Phil Wainewright Profile picture for user pwainewright October 4, 2023
In New York today, CX vendor Zendesk expanded its AI offerings with new industry- and function-specific models, a voice transcription function, and advanced data privacy features.

Zendesk CEO Tom Eggemeier - Showcase NY screengrab
Tom Eggemeier, Zendesk (Showcase NY screengrab)

At a special event in New York today, CX vendor Zendesk announced further enhancements to its generative AI offerings, most notably a voice transcription and summary capability, along with new data privacy measures to allow greater control over customer data management. Introducing the event, Tom Eggemeier, CEO of Zendesk, commented:

AI is reshaping how we all think about customer experience, and quite frankly, employee experience as well. AI is already having an enormous impact on how we all do business. And some of the biggest changes are going to come fortunately, or unfortunately, to the customer service space.

He cited the example of longstanding Zendesk customer, the upmarket London department store Liberty, which adopted Zendesk AI shortly after it was first introduced in May. He outlined the results at Liberty:

They've seen their customer satisfaction up by over nine percentage points already. Their first reply time is down by 73%. The time it takes to resolve the average ticket is down by 11%. They are providing quicker, more personalized service and their customers are noticing this. The customers don't know it's because of AI. They just know they're getting better service, which is connecting them with the Liberty London brand even more.

Extending Zendesk AI

The new generative AI capabilities announced today build on and extend the Zendesk AI package unveiled in May at the company's annual Relate conference. Today's announcements include:

  • Expanded intent detection founded on Zendesk's CX-specific large language models to serve additional industries including insurance and travel & tourism, or to match internal IT and HR use cases. These models can be further adapted by taking common intents that an individual company encounters from its customers or employees, and editing them for their specific needs. For example a travel agency might want to detect frequently asked questions by travellers and escalate them to agents who are specially equipped to handle these issues.
  • New tools to help agents, administrators and managers optimize and customize their CX processes. For example, Zendesk AI can identify gaps in the existing question and answer flows based on common topics customers are asking about and suggest new flows to plug these gaps. Or admins can adjust the tone of a bot's responses to be more casual or professional to match the brand persona.
  • The ability to summarize key information from multiple help centre articles, and automatically provide a more accurate and relevant answer. Bringing this information together in a more digestible format will enable agents and bots to respond to customers in a more consistent and natural conversation flow.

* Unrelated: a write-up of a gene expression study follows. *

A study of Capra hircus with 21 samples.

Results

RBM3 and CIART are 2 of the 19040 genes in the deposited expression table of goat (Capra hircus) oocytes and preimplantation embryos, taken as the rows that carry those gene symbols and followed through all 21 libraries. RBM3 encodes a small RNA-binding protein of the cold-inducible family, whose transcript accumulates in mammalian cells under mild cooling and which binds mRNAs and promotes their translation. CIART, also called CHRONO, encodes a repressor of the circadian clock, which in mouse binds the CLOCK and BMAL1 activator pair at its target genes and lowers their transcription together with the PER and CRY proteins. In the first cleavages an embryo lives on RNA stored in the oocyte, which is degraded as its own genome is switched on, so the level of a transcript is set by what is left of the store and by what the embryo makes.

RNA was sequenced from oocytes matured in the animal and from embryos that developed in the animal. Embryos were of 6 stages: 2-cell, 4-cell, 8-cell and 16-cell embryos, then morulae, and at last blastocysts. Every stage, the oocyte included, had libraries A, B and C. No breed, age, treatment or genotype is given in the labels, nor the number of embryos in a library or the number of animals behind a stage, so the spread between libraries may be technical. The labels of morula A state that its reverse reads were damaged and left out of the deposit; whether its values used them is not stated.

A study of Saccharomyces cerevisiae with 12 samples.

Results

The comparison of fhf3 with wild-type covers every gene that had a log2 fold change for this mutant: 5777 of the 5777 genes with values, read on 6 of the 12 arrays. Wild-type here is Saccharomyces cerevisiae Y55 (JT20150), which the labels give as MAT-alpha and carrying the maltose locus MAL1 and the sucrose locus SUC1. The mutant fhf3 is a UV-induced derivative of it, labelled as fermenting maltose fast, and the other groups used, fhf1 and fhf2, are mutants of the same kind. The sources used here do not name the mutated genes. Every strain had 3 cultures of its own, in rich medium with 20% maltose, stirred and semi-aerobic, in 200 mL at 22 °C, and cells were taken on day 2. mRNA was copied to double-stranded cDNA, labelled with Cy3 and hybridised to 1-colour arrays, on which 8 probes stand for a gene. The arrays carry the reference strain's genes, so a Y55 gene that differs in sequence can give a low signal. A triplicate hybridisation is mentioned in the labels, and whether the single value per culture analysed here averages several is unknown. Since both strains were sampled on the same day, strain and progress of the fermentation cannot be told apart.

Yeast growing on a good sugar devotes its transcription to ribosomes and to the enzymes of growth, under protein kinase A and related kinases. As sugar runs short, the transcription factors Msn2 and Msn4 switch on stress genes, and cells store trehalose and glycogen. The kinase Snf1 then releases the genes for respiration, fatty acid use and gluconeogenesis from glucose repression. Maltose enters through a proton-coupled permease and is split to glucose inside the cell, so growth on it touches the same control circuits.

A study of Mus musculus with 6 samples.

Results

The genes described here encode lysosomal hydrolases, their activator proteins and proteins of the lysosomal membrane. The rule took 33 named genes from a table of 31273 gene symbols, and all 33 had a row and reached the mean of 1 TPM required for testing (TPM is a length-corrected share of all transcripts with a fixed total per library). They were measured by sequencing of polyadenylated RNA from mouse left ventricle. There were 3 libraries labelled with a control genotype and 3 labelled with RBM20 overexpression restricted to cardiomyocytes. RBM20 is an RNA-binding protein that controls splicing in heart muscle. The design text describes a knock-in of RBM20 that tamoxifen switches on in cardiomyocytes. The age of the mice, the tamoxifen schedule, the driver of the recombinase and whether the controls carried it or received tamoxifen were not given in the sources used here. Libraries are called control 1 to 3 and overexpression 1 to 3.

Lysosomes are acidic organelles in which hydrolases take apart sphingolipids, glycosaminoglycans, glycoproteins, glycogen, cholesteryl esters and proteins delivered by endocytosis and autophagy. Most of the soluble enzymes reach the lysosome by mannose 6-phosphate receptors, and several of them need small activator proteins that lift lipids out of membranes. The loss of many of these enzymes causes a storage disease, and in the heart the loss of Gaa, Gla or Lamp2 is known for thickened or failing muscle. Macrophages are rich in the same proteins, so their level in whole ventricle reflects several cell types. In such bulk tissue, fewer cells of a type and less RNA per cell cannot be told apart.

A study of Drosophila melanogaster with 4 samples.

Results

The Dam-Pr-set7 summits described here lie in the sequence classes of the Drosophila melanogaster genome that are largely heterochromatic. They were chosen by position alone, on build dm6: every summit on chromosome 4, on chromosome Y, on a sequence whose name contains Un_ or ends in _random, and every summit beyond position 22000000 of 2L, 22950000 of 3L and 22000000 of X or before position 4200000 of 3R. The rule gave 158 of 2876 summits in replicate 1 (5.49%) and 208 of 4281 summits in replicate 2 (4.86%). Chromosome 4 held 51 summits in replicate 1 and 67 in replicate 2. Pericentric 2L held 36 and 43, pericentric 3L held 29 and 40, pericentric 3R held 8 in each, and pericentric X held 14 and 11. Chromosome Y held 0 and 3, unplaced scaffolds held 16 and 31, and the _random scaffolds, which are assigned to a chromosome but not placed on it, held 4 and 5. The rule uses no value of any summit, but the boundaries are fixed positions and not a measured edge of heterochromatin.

The launch of AI for Voice brings the ability to not only provide an immediate transcript and summary of the conversation, but also identify how the customer felt about the call. This promises to save time spent manually recording conversation details and allow agents to focus on ensuring the customer’s issue has been properly addressed.

Data privacy

For customers concerned about data privacy, Zendesk has announced an Advanced Data Privacy and Protection offering, which allows businesses to have greater control and flexibility over how they manage their customer data. Amang the new capabilities this brings, CX leaders can:

  • Safeguard their business with stronger encryption, including private keys and admin control of key rotation and revocation.
  • Elevate privacy by specifying what data is shown and kept, for example redacting email and shipping addresses, or setting custom rules for how the long the data can be retained and when it should be deleted.
  • Strengthen security at scale with greater visibility by logging who accessed and searched for data.

My take

When we spoke to Zendesk at the time of the May announcements, Cristina Fonseca, Head of AI at Zendesk, emphasized the company's ability to leverage its deep experience in CX to tune its generative AI models, contrasting it with the more generic approach of its partner, ChatGPT creator OpenAI. She told us:

OpenAI doesn't have the proprietary data that we have, the CX data that we have ... If you want to build intent detection and sentiment detection on top of OpenAI, that gives you a good advantage. But we go even one level further.

Today's announcements of industry-specific and function-specific intent detection build on those proprietary models and also offer customers the option to further fine-tune the response flows provided. This is where Zendesk has a real strength in the market, but it also needs to recognize the reservations enterprises have about the reliability and trustworthiness of generative AI models. Therefore the enhanced data privacy measures are welcome, but perhaps don't yet go as far as we've seen from other vendors with more extensive AI investments.

There's an important balance that vendors have to strike between on the one hand supporting customers in realizing the productivity and competitive advantages of generative AI, while on the other hand ensuring that trust and data privacy is fully respected. The speed at which generative AI has evolved is putting unprecedented demands on vendors to deliver new functionality while constrained by considerations of data privacy, accuracy and appropriate use. Getting this balance right will test the mettle of every vendor.